Monday, January 25, 2010

What's wrong with this picture?

That is Oksana Domnina and Maxim Shabalin at the European figure skating championships recently; the Russian pair are hotly tipped for the upcoming Winter Olympics in Vancouver. Their outfits and dance routine, inspired by Australian Aboriginal traditional culture, have not gone down too well with the people they claim to be paying tribute to.

"They have got the whole thing wrong," said Stephen Page, artistic director of the respected indigenous group, the Bangarra Dance Company. Page said there were no traditional movements in the routine, the music sounded more like it came from India or Africa than Aboriginal Australia and the body paint looked like "a three-year-old child had drawn it on"... "Probably the elders in the bush would be laughing because they would be saying, 'Look how stupid these fellas are,' " he said.

Bev Manton, a representative of the Worimi nation in New South Wales, had this to say:

“From an Aboriginal perspective, this performance is offensive. It was clearly not meant to mock Aboriginal culture, but that does not make it acceptable to Aboriginal people,” she wrote in the Sydney Morning Herald. “There are a number of problems with the performance, not least of all the fact that both skaters are wearing brown body suits to make their skin appear darker. That alone puts them on a very slippery slope.”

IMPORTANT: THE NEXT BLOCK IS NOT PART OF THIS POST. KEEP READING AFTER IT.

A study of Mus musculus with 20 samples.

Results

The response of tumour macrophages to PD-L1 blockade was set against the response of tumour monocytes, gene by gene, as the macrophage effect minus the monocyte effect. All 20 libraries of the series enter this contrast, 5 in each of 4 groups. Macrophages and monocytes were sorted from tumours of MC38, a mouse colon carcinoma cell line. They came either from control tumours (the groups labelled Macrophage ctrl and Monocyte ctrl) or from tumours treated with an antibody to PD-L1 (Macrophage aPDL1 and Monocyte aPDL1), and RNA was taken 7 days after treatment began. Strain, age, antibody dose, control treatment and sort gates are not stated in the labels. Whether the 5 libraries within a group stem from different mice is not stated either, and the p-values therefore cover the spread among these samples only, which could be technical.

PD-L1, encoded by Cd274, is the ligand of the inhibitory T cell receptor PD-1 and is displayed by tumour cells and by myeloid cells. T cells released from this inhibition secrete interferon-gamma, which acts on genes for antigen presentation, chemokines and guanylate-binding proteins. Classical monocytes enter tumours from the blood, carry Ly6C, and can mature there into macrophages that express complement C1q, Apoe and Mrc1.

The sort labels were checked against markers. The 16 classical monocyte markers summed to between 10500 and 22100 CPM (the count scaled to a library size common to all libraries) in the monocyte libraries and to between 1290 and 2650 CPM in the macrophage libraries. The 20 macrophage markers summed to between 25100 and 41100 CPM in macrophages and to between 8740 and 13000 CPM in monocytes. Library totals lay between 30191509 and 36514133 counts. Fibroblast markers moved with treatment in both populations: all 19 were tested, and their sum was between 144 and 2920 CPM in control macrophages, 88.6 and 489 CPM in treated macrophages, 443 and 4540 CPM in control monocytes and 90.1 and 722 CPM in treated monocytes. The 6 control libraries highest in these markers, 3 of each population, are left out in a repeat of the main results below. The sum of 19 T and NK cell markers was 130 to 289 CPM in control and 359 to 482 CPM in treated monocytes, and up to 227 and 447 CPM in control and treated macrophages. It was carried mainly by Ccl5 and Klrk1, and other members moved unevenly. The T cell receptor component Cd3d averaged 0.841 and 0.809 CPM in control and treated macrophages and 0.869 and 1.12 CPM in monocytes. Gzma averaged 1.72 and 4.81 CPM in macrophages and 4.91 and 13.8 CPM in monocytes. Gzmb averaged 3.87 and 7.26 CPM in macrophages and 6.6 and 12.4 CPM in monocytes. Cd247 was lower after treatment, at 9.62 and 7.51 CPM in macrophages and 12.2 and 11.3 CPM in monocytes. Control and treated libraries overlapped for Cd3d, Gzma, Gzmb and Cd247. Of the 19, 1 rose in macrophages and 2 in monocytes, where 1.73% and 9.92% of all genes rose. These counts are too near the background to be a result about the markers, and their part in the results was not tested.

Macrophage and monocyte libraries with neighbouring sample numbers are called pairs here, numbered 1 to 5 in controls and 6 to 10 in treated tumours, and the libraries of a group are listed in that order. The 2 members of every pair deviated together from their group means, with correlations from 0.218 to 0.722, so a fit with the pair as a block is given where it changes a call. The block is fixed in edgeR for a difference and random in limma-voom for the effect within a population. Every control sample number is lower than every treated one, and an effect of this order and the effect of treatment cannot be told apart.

I have little to no interest in ice-skating, so I don't have a lot to say about this one. But brown body suits? Really?

And it's also a good thing to be REALLY familiar with something before you try and mimic it, if you want to capture any kind of authenticity at all. And no, watching videos on Youtube, as Domnina and Shabalin did, does not really qualify as research.


  1. Awesome!
    A bit like Borat crossed with Ricky Wong from We Can Be Heroes-


    Indigeridoo Indigeridoo
    Indigeri digeri digeridoo

    Aborigine me
    Aborigine you
    We're not just the people who eat kangaroo."

  2. To be honest, the whole idea behind presenting a culture in 2 minute ice skating program wasn't the smartest one.

    Is there a way to present a culture without using stereotypes? Without being offensive (even with good intentions)?

    Plus, some people don't understand that "noble savage" stereotype is a harmful one, not much (if any) better than "dumb uncivilized wild man" one.

    I must point, though, that Oksana's suit wasn't brown. It's the same shade as her skin colour I think.

  3. They remind me of the brother and sister duo from the Will Ferrell movie Blades of Glory.

  4. Isn't this just bizarre? What made them think this was okay?